Before development of dental implants, dentures and bridges were the only alternative to replacing a missing tooth or teeth.
Implants are made of either a titanium or zirconia structure that are placed in the area of the tooth normally occupied by the root. Implants are anchored to the jawbone and act as a foundation for an artificial tooth or permanent bridge. In some cases, implants can be used to attach dentures.
Not everyone is a candidate for a dental implant, however. For a successful implant to take hold, a candidate must have proper bone density and have a strong immune system. In all cases, dental implants require strict oral hygiene.
Implants are so well designed that they mimic the look and feel of natural teeth.
Surgery is necessary to prepare the area for an implant and place the implant in the mouth. Following the procedure, a period of time is required for the implant to take hold and for bone tissue to build up and anchor the device. In most cases, metal posts called abutments are inserted into the implant during a follow-up procedure to connect the tooth.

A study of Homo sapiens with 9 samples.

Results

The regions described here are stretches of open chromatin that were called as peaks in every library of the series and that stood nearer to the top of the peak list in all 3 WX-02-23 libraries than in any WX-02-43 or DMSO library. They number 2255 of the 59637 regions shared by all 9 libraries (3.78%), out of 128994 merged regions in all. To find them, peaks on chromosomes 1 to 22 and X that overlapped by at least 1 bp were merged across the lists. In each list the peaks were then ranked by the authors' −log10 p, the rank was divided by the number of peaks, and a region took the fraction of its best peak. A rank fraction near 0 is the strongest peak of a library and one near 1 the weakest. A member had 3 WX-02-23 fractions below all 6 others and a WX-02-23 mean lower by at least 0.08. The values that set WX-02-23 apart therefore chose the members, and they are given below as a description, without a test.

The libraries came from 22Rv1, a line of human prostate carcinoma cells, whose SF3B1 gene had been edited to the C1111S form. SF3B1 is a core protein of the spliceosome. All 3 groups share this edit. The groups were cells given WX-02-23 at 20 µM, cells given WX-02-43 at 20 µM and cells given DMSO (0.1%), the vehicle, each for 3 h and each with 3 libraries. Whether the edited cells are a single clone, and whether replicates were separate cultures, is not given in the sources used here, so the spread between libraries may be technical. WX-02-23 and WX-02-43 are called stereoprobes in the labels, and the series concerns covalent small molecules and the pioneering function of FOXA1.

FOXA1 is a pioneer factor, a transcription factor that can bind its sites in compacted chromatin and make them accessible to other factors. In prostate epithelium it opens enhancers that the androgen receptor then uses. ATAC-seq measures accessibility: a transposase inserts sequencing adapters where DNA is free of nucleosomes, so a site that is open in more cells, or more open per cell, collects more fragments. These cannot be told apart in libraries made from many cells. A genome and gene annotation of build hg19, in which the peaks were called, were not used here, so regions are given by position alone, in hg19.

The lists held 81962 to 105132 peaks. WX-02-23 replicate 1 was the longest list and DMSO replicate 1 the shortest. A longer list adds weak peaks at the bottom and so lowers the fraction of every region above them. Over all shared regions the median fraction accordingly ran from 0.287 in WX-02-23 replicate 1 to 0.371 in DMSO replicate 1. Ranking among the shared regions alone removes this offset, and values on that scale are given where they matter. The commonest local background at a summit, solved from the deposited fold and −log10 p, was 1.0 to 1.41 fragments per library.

Because implants require surgery, patients are administered anesthesia and, if necessary, antibiotics to stave off infection following the procedure.
Like any restoration, implants require diligent oral hygiene and proper care to ensure they last a long time. When properly cared for, dental implants can last a lifetime, making them one of the best investments for long-term and stable tooth replacement. The best part of an implant is that it can give you back confidence, comfort, and get you back to not what you “can” eat, but what you “want to”eat.